As telecom giants AT&T
Now, Craig Moffet of Bernstein Research, the telecom sector's most consistently bearish analyst, says the tax windfall that stemmed from stimulus incentives in the wake of the financial crisis may reverse in coming years and hit the cash coffers at AT&T and Verizon.
In a Monday note to clients, Moffett calculates that because of the federal government's 2008 stimulus program and an accelerated depreciation taxing policy that allowed companies to defer cash taxes using capital investments, telecom giants may soon see the subsidy reverse in coming years.
Over the past four years, AT&T has reported income taxes of $29.3 billion in taxes, paying a tax rate that averages 35%, while Verizon has reported tax expense of $11.4 billion, in the same period according to Moffett's calculations. As a percentage of profits, those rates seem nothing out of the order.
However, Moffett calculates, AT&T has paid just $13.3 billion in income taxes out of its cash coffers, while Verizon's paid just $1.3 billion, adjusted for Vodafone's
In actual cash taxes paid to the federal government, Moffett calculates AT&T's rate fell as low as 0% in 2011, as a percentage of pre-tax income less special items. Meanwhile, Verizon's actual income tax paid in 2011 was just 6%, and in the two years prior, Moffett calculates the company paid nothing at all.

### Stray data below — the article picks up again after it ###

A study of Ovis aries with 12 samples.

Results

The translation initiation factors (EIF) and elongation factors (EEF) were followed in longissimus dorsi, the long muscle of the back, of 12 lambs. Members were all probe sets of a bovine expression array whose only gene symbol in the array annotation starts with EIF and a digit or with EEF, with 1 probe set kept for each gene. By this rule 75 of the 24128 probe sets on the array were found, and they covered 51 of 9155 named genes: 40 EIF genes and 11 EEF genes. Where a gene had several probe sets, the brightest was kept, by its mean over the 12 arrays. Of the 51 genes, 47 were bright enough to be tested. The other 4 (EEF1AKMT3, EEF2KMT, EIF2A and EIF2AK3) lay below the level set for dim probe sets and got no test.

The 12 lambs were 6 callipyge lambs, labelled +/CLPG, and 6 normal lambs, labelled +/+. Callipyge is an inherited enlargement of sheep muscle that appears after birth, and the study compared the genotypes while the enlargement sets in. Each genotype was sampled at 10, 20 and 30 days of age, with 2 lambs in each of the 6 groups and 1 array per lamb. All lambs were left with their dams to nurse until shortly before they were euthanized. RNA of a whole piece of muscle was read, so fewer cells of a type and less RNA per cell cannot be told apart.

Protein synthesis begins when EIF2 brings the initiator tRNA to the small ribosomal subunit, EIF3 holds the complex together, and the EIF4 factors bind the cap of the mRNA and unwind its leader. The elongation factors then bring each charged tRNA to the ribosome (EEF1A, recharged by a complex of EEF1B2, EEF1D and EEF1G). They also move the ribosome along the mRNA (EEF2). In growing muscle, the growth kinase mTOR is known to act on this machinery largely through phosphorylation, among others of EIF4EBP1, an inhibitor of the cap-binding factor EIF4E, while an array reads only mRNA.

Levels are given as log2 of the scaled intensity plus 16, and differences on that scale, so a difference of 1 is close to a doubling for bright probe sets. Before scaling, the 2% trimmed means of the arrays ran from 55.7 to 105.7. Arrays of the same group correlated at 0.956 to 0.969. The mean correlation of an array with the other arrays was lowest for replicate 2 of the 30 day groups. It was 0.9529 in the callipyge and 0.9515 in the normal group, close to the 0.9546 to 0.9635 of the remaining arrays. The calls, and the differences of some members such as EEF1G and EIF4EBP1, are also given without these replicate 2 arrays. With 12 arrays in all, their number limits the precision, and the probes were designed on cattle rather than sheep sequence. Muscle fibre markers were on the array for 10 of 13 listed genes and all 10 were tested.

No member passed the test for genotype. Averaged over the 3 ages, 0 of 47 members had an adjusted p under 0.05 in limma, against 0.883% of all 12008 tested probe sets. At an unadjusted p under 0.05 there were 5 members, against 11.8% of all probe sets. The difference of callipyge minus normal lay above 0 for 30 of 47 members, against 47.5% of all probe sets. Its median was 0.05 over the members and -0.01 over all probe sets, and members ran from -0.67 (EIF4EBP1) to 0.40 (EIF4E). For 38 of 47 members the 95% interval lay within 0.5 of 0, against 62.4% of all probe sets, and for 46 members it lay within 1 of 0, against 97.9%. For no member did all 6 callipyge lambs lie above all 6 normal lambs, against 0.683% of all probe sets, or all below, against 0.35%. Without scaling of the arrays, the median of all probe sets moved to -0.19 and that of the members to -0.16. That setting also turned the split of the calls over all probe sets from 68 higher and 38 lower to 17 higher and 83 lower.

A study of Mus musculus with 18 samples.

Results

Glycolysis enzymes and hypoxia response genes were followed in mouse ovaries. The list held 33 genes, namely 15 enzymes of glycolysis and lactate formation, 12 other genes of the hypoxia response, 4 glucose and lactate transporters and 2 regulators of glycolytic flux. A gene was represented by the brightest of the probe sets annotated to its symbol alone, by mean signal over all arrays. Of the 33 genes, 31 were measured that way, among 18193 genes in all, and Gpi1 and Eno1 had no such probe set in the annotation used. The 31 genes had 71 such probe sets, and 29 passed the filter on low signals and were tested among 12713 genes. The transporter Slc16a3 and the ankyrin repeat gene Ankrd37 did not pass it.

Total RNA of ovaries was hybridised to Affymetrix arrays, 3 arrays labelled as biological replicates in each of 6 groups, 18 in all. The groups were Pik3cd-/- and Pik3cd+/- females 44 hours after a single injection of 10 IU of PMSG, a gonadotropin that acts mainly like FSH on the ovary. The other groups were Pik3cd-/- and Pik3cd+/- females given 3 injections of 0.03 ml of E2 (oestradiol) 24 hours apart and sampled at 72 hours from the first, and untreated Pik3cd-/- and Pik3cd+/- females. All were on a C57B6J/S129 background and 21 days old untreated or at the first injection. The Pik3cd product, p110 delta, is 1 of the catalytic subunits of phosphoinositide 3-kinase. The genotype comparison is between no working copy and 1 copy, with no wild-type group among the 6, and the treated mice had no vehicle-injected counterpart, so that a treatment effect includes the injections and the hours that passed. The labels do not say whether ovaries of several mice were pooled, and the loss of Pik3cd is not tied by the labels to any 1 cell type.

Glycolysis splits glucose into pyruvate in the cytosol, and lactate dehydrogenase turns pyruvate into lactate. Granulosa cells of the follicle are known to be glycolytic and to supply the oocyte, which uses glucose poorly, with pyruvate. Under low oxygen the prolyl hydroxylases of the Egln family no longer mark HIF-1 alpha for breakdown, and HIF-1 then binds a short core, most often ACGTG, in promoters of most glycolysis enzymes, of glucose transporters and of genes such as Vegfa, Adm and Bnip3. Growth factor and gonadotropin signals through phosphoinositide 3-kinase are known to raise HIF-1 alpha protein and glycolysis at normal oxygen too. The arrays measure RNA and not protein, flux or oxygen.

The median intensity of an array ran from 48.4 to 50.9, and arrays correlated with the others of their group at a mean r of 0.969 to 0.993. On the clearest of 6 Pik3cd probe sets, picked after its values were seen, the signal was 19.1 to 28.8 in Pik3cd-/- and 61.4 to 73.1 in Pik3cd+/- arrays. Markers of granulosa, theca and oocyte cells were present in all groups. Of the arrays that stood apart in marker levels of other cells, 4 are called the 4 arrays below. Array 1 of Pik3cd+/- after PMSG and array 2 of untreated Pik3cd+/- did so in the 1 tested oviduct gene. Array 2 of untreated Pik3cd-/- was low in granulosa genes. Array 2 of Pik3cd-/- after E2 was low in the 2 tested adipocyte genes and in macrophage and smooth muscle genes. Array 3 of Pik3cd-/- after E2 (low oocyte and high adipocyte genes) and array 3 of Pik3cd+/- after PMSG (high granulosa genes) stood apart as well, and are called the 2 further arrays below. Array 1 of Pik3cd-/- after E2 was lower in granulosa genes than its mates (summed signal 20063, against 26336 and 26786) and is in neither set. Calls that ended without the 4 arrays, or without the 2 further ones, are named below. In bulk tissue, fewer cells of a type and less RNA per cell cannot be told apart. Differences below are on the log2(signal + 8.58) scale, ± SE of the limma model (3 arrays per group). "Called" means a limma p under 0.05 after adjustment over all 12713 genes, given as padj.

"Both have been efficient at taking advantage of bonus depreciation benefits under the Federal Stimulus plan to minimize cash taxes. Both also take advantage of a bevy of other tax subsidies and benefits," writes Moffett, in the note to clients.
The analyst cites a report from the Citizens for Tax Justice and the Institute on Taxation and Economic Policy ranked AT&T and Verizon second and third in their use of tax subsidies between 2008 and 2010. While AT&T saw a subsidy of $14.5 billion over those years and Verizon saw $12.3 billion in tax aid, only Wells Fargo
Unfortunately for AT&T, Verizon, Wells Fargo, and the like, the government wasn't offering a full tax break. In fact, while the government allowed companies to count large capital investments against their end of year bill payable to the taxman in the wake of the crisis, the stimulus program's biggest tax recipients may spend coming years making up the difference.
"If the ability to take accelerated depreciation were to be withdrawn, simple mathematics would suggest cash taxes higher than GAAP taxes, all else being equal; depreciation benefits for cash tax purposes would be far lower than for GAAP taxes, since prior year benefits have already been exhausted," writes Moffett.
The analyst doesn't expect "anything Draconian" were the windfall to reverse because AT&T and Verizon are smart in their management of tax liabilities and may use larger contributions to company pension plans to reduce cash liabilities in coming years. Moffett projects AT&T's cash tax rate will be just 12% in 2013 and will rise to 29% by 2016, while Verizon's rate will be 25% in 2013 and 27% by 2016.